Home security is mostly about prevention. If it's a cure you need, you've probably already been burgled and will know to your cost what it is like to have your privacy invaded, your valuables snatched, and your life made a misery.
At Crown Securities (UK) we always advise installing a burglar alarm system – we would, wouldn't we – but time and again we come across clients who only consider installing security alarms after they have suffered a break-in.
Far better to head trouble off at the pass. It's nonsense to think that you don't need an alarm response system until you've been burgled. It's like waiting for the rain before fixing the roof.
However, before installing a security system in your home, there are measures you can take to protect your property. All it takes are a few sensible precautions.
The most popular point of entry is the door, so it makes sense to start there. Here are a few tips that may help put off prowlers and prevent a break-in.
It sounds stupid, but actually, a scruffy front door tells an unwanted visitor that you probably don't care too much about your property.
It's a clear signal that other doors and windows may be insecure.
Neighbours may overlook the front door, but an unkempt front door is an open invitation to take a quick look round the back.
Like a scruffy front door, an unkempt lawn or untidy garden can be a tell-tale sign that the owners are away for a while, and the place may be ripe for a 'recce' if nothing else.
While out with a lawnmower, think about the house planting scheme.
You can plant your garden using anti-burglar plants and shrubs.
The most obvious security upgrade is the one often left to last because it sounds too complicated.
Changing the lock on a front door is a job that you can do yourself. It can be carried out by any moderately competent DIY handyman.
If you're not sure your skills are up to the task, then get a carpenter or locksmith to carry out the work.
For real security, you need two locks on your front door – a dead-latch cylinder lock and a five-lever mortice deadlock. Don't go for the cheapest; get the best door lock you can afford. Before making a purchase check your home insurance policy for minimum standards.
Installing a door chain is a simple but effective security measure that will cost next to nothing.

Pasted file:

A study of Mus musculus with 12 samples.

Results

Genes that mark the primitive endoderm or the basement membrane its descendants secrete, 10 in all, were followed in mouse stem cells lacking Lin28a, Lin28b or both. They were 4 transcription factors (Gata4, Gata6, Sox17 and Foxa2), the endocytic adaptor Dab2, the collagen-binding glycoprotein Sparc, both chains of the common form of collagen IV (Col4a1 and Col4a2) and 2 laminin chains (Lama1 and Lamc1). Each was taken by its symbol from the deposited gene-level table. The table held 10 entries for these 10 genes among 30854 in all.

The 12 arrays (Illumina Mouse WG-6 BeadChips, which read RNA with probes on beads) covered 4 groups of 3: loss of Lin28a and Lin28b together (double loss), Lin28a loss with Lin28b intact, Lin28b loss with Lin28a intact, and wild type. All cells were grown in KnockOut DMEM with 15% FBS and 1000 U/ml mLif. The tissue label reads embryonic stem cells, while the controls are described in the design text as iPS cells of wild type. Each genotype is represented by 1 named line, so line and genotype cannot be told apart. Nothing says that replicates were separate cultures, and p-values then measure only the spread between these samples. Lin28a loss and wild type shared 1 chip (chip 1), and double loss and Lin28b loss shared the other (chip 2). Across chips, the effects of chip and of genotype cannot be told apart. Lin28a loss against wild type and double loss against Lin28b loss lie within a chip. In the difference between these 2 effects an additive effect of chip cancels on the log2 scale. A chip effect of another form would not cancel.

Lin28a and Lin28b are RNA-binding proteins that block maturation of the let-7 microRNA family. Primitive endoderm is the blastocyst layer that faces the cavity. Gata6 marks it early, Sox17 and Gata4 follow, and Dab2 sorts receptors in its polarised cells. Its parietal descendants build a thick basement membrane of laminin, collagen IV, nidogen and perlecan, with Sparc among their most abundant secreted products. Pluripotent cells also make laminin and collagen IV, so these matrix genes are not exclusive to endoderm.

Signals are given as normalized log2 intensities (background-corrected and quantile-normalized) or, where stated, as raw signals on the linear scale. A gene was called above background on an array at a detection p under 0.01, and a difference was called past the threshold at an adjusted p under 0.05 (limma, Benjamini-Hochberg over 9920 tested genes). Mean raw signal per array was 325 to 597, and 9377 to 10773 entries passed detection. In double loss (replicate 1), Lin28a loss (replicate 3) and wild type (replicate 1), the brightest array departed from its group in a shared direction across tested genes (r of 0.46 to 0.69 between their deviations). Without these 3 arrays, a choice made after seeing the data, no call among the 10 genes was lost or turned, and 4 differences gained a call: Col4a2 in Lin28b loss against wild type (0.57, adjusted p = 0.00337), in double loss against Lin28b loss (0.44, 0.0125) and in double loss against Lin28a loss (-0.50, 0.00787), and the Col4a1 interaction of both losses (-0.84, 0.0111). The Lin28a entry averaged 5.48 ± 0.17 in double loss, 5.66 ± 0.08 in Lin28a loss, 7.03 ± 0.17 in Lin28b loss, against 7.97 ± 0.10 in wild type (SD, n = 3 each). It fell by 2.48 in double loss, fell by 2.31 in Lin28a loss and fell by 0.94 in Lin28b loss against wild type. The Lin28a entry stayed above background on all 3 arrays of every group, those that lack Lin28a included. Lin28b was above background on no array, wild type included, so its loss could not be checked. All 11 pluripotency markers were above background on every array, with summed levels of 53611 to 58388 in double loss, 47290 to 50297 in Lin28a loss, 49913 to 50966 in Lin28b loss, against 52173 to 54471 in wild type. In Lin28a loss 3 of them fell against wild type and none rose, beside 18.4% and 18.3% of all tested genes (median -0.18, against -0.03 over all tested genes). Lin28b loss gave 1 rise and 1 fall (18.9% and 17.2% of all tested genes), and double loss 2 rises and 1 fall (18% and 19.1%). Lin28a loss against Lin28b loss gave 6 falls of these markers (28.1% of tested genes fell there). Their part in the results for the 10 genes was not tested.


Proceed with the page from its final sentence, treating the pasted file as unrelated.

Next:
If you are away from home for a few days, chain the front door and leave by the back door.
Another useful addition is a peephole, although it pays to get a decent one that gives you an excellent wide-angle view of the exterior.
If the locks are too good, some burglars will have a go at the frame.
Make sure the frame is securely screwed to the wall to prevent it from being levered away from the brickwork.
It can also be strengthened by fitting bars to make the locking points even stronger.
Hinge bolts will also prevent burglars from forcing a door off its hinges.
A motion or heat sensor security light on the front door is one of the best and cheapest ways to deter intruders.
The price of these devices has dropped sharply in recent years, and they cost virtually nothing to run.
A light fitted at the front and back of your house to ensure all doors are visible after dark.
Doors with glazed windows offer the thief a natural point to break in.
Make them more secure by adding a decorative metal grille or by sealing with security film on the back of the glass panels.
Always ensure the glass is laminated and fit it from the inside so the beading can't be prised off to gain entry.
Patio doors make an excellent addition to the home, but they are an accessible entry point for thieves.
Patios should have a British Standards five-lever mortice sash lock to make them secure.
And it's a good idea to use mortice rack or surface-mounted press bolts.
Sliding patio doors should have at least three locking points as well as an anti-lifting device.
Bi-fold patio doors should come with built-in security measures, and it's wise to double-check if in doubt.